As he watched a meagre gathering meander through a Girgaum street on Wednesday morning, trailing an urn of Mahatma Gandhi’s ashes on its journey to immersion in the sea off south Mumbai, German radio producer Jean-Claude Kuner wondered aloud: “Gandhi has now vanished from the lives of Indians, is it?”
The ashes, which began the journey at Gamdevi’s Mani Bhavan museum, were the last known physical evidence of a man whose unique politics earned him admiration around the world and the grand title of ‘Father of the Nation’ in India, while inspiring leaders from Martin Luther King Jr to Nelson Mandela to launch movements that would alter their countries.
But the morning of January 30, also the 60th anniversary of Gandhi’s death, threw up little evidence that this was, in some ways, the last journey of the great man. For Mumbai showed it had little time for the 20-minute padyatra.
At 10.45 am, as the urn was lowered into the sea by Gandhi's descendants and politicians, Girgaum Chowpatty, witness to milling crowds during events like the Ganesha immersions, was near bare.
Member of Parliament from Bandra Priya Dutt was a rare politician to join in the 8 am prayer at Mani Bhavan and then walk alongside the garlanded mini-truck displaying his urn, against the backdrop of a banner with his last words after being shot in the chest, ‘Hey Ram’, as hymns mingled with the sound of traffic.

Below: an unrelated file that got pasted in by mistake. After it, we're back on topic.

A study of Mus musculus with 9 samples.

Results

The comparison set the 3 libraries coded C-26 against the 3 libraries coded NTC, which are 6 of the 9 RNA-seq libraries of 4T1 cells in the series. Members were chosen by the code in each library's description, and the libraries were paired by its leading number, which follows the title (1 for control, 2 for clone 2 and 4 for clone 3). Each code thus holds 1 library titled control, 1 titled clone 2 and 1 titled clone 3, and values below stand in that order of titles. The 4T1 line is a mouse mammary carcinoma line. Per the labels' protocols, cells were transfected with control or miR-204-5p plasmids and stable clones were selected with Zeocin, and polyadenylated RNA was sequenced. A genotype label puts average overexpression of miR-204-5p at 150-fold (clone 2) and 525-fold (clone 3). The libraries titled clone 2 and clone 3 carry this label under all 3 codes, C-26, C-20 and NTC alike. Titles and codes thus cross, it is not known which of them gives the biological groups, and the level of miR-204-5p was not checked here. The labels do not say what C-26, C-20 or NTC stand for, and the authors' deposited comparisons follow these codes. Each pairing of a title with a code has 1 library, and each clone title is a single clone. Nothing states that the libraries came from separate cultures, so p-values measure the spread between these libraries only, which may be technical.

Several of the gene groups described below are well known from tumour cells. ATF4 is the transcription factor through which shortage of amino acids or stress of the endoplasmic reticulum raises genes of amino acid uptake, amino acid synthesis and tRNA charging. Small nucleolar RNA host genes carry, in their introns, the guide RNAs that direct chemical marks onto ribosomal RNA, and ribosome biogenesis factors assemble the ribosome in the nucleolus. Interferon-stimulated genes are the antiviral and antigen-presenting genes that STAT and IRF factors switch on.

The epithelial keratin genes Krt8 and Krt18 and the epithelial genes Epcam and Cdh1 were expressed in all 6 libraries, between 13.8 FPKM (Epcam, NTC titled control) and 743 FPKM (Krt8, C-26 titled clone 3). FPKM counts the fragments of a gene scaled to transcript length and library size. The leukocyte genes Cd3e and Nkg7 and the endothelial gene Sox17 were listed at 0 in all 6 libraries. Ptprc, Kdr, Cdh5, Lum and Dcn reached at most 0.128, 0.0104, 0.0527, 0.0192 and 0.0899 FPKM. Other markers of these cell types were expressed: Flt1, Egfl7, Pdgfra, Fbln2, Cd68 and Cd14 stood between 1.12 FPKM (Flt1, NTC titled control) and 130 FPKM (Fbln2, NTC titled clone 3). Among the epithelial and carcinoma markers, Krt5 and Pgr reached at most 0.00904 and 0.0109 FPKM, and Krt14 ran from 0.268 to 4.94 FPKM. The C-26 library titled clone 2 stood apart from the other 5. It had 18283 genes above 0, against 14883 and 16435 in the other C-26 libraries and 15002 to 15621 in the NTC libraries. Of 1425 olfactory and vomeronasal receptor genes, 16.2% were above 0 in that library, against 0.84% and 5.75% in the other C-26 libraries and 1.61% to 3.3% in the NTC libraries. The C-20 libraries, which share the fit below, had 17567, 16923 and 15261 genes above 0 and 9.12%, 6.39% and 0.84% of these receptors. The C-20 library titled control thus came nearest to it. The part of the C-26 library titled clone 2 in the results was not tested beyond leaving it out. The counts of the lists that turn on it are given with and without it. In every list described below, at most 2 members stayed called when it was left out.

Other VIPs — Union Home Minister Shivraj Patil, Maharashtra Governor S.M. Krishna and Deputy Chief Minister R.R. Patil — simply arrived at the seaface in cars with tinted windows drawn up.
Dutt said the tiny numbers left her amazed, and disappointed. “These were Gandhi’s ashes. I felt like I was walking beside him. It was a historic moment,” she added. However, the crowd of a couple of hundred included many believers, who felt the pull of history.
These included Hasmukh Solanki, in the city from Ahmedabad, taking days off from his job in a textile mill. Solanki, who serves on a workers' union founded by Gandhi in 1928, said: "This is a unique opportunity. Who would have thought Gandhi's ashes could have emerged like this. I had to be here."
Historian J. Naik recalled the January 30, 1948, assassination, when he was in a school in a village in Goa. "We were under Portuguese rule, and just chanting 'Gandhi amar rahe' was enough to land us behind bars," he said. "So today, on this padyatra, I feel like a desire has been fulfilled."
"Shouldn't more people be here to honour him?" he added. Dutt drew hope from the revering faces and folded hands in the windows of the buildings lining the street.
"You could see the emotion, especially in the faces of the older ones. It is time to recreate that sense of connect," she said.